I am delving back into the rapidly receding past with this blog post, since all three garments were sewn while at Sewjourn in May. Two of the patterns are repeats – the Style Arc Molly top and the Style Arc Fay skirt. The cardigan is the Tessuti Megan Longline Cardigan.
I’ll start with the patterns I’ve used before, which were for the top and skirt. The petrol blue knit is a medium weight viscose from Darn Cheap Fabrics – one of those fabrics that you wish you had more of (especially since it was from the $2 table). The Fay skirt is self-lined, and is essentially a long tube (with slight shaping) that folds into itself to fully enclose the side seams, then has elastic applied around the waist edges. No hemming needed, so it’s one of the fastest garments to sew ever. I shortened the pattern by folding out a chunk to retain the slightly pegged shaping. It does take a fair bit of fabric, because of the self-lining, but it’s worth it. The skirt was the third garment I cut out for this outfit, and used up all of the solid.
The first of these three garments to be cut out was actually the cardigan, and there was a decent sized scrap left over. Suddenly I realised that I could cut the front of a Molly top from the printed scrap and match it with some solid petrol blue viscose that was in stash for the back, sleeves and neck band. My cardigan has just evolved into part of a three piece outfit.
The fabrics worked together beautifully, and the neckband is just drapey enough to fall into nice folds. This is only a small cowl, and I am finding it highly wearable. You can find my previous Molly tops here and here.
Now to the cardigan! This cardigan is the opposite to the rest of the outfit in many ways. The pattern was new to me, and the fabric much more expensive than the petrol blue viscose used for the rest of the outfit. The print is from Tessuti, and it’s a viscose knit. I bought two metres to make this cardigan, and other than the scrap that I used for the Molly top it took every little bit. I think that I even had to piece the bands. But it’s in my colours – loads of them! It’s currently still available on their website here.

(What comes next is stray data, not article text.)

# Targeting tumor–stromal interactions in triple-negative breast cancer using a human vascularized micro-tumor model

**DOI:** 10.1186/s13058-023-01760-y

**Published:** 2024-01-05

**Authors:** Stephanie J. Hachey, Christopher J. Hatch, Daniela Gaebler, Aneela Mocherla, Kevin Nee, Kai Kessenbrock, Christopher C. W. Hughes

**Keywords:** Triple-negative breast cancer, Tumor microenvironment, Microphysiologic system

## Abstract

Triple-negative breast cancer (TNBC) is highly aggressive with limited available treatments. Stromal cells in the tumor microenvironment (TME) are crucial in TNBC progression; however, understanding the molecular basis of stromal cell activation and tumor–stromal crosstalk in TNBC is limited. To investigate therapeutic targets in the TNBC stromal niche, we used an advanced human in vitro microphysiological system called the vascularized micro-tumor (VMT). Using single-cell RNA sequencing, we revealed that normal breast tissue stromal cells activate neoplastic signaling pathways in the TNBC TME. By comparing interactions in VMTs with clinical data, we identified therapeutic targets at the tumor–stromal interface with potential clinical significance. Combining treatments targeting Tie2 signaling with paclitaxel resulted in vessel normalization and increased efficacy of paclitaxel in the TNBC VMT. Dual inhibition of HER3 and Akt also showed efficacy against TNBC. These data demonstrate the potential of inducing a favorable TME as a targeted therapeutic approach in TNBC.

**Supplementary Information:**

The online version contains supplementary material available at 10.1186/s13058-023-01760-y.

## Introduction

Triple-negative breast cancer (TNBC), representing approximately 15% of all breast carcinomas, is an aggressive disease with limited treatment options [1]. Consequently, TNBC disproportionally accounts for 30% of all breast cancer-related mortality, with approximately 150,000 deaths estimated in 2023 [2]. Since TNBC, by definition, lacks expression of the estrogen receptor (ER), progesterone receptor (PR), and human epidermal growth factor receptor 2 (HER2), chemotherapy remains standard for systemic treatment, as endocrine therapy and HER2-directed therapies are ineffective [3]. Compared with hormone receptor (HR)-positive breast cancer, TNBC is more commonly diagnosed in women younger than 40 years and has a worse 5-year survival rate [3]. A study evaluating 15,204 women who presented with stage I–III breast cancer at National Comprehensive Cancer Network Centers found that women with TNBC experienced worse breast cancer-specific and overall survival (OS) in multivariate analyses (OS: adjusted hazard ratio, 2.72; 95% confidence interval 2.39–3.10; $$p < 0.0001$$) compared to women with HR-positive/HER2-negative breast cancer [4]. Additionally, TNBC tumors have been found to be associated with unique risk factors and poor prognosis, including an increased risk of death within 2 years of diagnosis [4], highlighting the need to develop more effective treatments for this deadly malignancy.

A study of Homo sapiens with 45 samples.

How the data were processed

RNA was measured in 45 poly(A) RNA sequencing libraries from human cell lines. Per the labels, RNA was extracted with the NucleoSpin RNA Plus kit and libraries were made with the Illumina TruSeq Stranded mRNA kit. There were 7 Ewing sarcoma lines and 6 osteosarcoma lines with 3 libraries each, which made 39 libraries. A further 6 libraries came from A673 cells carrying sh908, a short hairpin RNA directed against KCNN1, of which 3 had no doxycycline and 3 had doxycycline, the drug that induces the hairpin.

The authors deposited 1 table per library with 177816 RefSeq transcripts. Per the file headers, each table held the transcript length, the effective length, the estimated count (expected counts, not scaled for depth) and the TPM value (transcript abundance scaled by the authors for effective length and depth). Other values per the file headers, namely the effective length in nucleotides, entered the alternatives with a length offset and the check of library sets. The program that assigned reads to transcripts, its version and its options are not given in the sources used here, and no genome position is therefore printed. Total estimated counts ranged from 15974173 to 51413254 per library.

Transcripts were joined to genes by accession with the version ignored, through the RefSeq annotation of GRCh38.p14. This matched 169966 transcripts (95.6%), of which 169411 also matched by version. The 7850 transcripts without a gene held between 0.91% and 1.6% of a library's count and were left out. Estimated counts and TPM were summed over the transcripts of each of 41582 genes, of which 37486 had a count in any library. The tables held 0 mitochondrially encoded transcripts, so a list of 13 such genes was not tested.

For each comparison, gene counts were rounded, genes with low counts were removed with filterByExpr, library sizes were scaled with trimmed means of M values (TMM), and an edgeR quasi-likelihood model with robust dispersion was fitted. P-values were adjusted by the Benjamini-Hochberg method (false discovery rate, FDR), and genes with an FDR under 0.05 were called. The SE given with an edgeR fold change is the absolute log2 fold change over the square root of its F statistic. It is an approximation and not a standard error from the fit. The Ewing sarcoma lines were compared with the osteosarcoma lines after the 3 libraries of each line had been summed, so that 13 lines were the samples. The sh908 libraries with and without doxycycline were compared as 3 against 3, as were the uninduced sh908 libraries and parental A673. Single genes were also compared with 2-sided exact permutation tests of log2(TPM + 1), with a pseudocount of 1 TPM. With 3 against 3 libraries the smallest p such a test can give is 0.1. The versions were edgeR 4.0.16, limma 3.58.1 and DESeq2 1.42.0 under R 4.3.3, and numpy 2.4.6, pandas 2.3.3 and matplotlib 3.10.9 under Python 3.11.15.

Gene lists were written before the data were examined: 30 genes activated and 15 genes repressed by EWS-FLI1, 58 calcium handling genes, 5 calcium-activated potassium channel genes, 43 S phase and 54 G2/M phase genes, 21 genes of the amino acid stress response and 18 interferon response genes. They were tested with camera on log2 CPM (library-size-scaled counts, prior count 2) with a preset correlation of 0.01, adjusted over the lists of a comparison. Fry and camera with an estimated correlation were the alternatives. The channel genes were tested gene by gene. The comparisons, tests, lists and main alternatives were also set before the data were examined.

I really wish that I had some outdoor action photos of this cardigan, because it is actually much nicer than in these photos. Tessuti describe the pattern as follows: This longline flared cardigan features full length sleeves, a centre front and neckline bind and flared side seams with an asymmetrical hemline. The simple style looks fabulous worn over sleeveless tops, pants or dresses and is a wonderful wardrobe staple. Ideal for soft jersey knits such as viscose/elastane and wool jersey.
I sewed the Medium, which is my usual Tessuti size, and didn’t make any length alterations despite my lack of height. The only fiddly part was attaching the bands along the fronts. I was slightly confused by the instructions a couple of times, but once I just used my brain instead of relying on the instructions I figured out how to do the area where the bands meet the hemline. I wish that Tessuti would format their instruction pages a little more carefully so that instructions are always on the same page as the photos that they relate to. I often get confused as to whether I should be looking at the photo above or the one below. Please tell me that I’m not the only one!
This is a pattern that I know I will use again. I’m really pleased with my unintentional three piece outfit. Isn’t it great when things evolve like this! So far this is the only way that I’ve worn the cardigan – I need to start mixing it with other clothes from my wardrobe. After all, I chose the fabric because I thought that it would coordinate well with the rest of my things!